ARNOLD TURNS CALIFORNIA’S CONSUMER PRIVACY MOVEMENT BACK TO THE DARK AGES


The colorful Governor of California, Arnold Schwarzenegger, has apparently now shown us just where he stands on the issue of which is the most important: the consumer or big business? Arnie just vetoed a highly bipartisan bill in the California legislature that was introduced by Assembly member Dave Jones, a Democrat from Sacramento. According to SecurityFocus.com, Assembly Bill 779 would have prohibited the storing of payment verification data taken at the point of purchase in the use of a credit card. California Chronicle reports that the bill would also improve the way data breaching companies would have to report the incident, and make those responsible for the breach pay the costs of credit card replacements and consumer notification. Securityfocus.com then articulates why the legislation was so important by documenting a “significant amount of fraud” committed following the TJX breach (TJ Maxx and Marshalls in the U.S., Winners and HomeSense stores in Canada) of more than 45 million (largest ever) credit and debit card numbers. Suspects are accused of using these stolen credit card numbers to buy gift cards to purchase big-ticket items like big-screen TVs and computers at Wal-Marts and Sam’s Clubs in Florida. Hackers started lifting personal data as far back as 2003, with costs to the company as of May 2007 at $17 million, with an estimate that it could eventually cost TJX $4.5 billion. Canadian authorities placed much of the blame on weak data encryption protocol by TJX, with this breach a foreseeable event just waiting to happen. In the US, the FTC launched an investigation of TJX in March of 2007; it is now seven months later with no official announcement. Yet another example of how Canadian consumer law is light years ahead of this country. So back to the movie star turned politician—haven’t we been there before—who thinks the cost of the California Bill would be too costly for business. How about the average cost to the ID theft victim of $5,720, and the 40 hours necessary to clean up the mess? These people are not important to the GOP—Schwarzenegger, of course, is a Republican—when they can fawn over big business, giving them their way with an innocent consumer that’s taking it in the rear end under the Bush administration. Tom Smith has an excellent article on InformationWeek.com that questions the Governor’s veto. Here’s an exact quote:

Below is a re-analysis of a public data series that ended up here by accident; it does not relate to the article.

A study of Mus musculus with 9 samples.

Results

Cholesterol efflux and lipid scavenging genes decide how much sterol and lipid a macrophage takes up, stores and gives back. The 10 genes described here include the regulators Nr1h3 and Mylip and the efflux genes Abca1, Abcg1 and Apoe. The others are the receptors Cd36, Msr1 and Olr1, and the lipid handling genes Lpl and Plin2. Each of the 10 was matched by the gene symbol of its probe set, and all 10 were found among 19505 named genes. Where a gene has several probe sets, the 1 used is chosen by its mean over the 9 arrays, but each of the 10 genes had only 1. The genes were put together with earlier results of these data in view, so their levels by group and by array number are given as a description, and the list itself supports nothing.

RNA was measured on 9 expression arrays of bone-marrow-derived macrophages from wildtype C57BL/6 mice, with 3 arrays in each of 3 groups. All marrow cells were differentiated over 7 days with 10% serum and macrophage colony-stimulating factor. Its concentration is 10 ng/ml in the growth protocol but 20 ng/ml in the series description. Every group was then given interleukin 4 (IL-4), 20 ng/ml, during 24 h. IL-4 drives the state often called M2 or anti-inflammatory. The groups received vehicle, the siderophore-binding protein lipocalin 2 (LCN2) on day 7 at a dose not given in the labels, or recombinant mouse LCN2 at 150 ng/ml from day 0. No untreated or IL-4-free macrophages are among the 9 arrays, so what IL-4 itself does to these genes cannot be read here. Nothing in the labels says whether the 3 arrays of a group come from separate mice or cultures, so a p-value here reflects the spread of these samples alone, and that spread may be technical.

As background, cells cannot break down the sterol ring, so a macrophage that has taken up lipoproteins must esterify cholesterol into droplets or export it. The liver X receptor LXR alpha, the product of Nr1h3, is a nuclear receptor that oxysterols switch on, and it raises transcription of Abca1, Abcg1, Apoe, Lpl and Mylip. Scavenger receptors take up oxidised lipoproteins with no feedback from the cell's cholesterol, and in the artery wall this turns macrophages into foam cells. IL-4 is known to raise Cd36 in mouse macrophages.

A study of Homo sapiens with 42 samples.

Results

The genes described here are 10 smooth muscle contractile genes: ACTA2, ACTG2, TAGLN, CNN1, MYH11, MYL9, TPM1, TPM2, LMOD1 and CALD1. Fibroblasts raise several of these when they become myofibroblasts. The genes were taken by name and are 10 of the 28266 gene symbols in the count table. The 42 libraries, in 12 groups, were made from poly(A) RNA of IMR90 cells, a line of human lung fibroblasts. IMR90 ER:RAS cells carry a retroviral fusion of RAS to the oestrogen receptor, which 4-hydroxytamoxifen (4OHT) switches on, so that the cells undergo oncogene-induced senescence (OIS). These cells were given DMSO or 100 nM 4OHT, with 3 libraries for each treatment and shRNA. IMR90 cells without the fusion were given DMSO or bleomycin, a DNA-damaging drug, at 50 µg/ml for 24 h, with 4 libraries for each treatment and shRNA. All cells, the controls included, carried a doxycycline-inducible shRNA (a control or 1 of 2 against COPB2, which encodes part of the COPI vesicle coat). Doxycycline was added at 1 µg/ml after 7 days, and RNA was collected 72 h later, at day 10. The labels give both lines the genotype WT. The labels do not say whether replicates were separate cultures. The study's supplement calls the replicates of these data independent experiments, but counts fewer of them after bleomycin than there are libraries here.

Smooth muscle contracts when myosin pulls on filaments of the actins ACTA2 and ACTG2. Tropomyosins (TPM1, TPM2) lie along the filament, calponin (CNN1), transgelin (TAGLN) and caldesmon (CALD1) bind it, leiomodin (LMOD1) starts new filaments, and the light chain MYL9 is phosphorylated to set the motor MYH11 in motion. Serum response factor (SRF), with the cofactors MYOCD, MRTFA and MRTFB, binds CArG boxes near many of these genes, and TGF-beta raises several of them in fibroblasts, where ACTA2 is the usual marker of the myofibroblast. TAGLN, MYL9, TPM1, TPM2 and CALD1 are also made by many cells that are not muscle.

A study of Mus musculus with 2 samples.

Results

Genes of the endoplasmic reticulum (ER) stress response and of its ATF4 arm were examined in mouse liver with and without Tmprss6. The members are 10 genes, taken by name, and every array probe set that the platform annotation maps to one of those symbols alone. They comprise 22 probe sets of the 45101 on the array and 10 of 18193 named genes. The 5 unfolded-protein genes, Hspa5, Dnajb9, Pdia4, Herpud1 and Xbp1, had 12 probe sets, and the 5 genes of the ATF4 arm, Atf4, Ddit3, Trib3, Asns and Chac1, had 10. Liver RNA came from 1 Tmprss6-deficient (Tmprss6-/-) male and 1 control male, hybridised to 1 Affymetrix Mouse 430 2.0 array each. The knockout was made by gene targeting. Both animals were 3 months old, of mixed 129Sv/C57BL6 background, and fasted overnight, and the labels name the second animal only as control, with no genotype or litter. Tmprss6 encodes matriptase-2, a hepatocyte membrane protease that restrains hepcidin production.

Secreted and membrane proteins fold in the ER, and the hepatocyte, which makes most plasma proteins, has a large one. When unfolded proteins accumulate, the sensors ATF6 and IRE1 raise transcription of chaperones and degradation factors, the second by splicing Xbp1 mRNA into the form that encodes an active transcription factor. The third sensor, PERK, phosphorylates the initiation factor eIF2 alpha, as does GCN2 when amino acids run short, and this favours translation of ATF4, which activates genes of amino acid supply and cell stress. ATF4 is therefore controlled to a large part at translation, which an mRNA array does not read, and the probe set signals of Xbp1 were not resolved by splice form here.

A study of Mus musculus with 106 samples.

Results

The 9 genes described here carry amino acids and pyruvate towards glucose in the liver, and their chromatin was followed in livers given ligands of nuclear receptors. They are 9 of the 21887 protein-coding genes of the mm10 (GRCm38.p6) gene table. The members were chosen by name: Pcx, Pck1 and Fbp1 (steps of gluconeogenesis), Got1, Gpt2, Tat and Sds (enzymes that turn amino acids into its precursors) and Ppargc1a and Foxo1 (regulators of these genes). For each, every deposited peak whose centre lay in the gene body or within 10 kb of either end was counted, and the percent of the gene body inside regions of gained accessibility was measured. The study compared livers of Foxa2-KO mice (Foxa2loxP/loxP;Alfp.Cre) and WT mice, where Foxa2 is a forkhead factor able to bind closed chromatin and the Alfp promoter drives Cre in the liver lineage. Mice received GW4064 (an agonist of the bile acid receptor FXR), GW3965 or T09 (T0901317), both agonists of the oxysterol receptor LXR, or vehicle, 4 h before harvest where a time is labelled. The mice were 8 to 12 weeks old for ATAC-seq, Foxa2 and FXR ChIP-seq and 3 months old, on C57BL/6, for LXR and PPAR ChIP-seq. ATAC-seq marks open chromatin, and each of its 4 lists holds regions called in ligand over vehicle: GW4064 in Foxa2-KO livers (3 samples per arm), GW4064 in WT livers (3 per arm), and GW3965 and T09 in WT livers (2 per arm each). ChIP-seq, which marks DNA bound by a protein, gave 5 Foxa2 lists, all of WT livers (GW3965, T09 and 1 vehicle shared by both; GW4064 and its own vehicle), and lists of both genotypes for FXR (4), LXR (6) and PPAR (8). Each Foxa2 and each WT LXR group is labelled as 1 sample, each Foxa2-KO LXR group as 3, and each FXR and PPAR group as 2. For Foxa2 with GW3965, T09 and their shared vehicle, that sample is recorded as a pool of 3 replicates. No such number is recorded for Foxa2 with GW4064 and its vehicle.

“Gov. Arnold Schwarzenegger's veto of a California bill aimed at increasing the state's data protection standards, in part based on his view that the marketplace is handling consumer data protection, raises a troubling question: What planet is this guy living on?”

Smith goes on to quote more Schwarzenegger comments on the bill that are some of the dumbest and most naïve about the consumer’s plight that have ever come out of a politician, even if he is a Republican. Arnold thinks the marketplace (the ChoicePoints and TJXs) have already established responsible security for the protection of the public. And, this industry (data brokers, junk mailers, retailers, etc.) is in a “superior” position to ensure consumer security. These statements are enough to make privacy advocates throw up. So that leaves Minnesota with the only legislation holding retailers responsible for ignorance in private information handling. And in Minnesota you can file your own lawsuit against the company breaching your sensitive data, which wasn’t in the California bill. Maybe the Golden State is losing its luster and needs another Pat Brown. Think about it.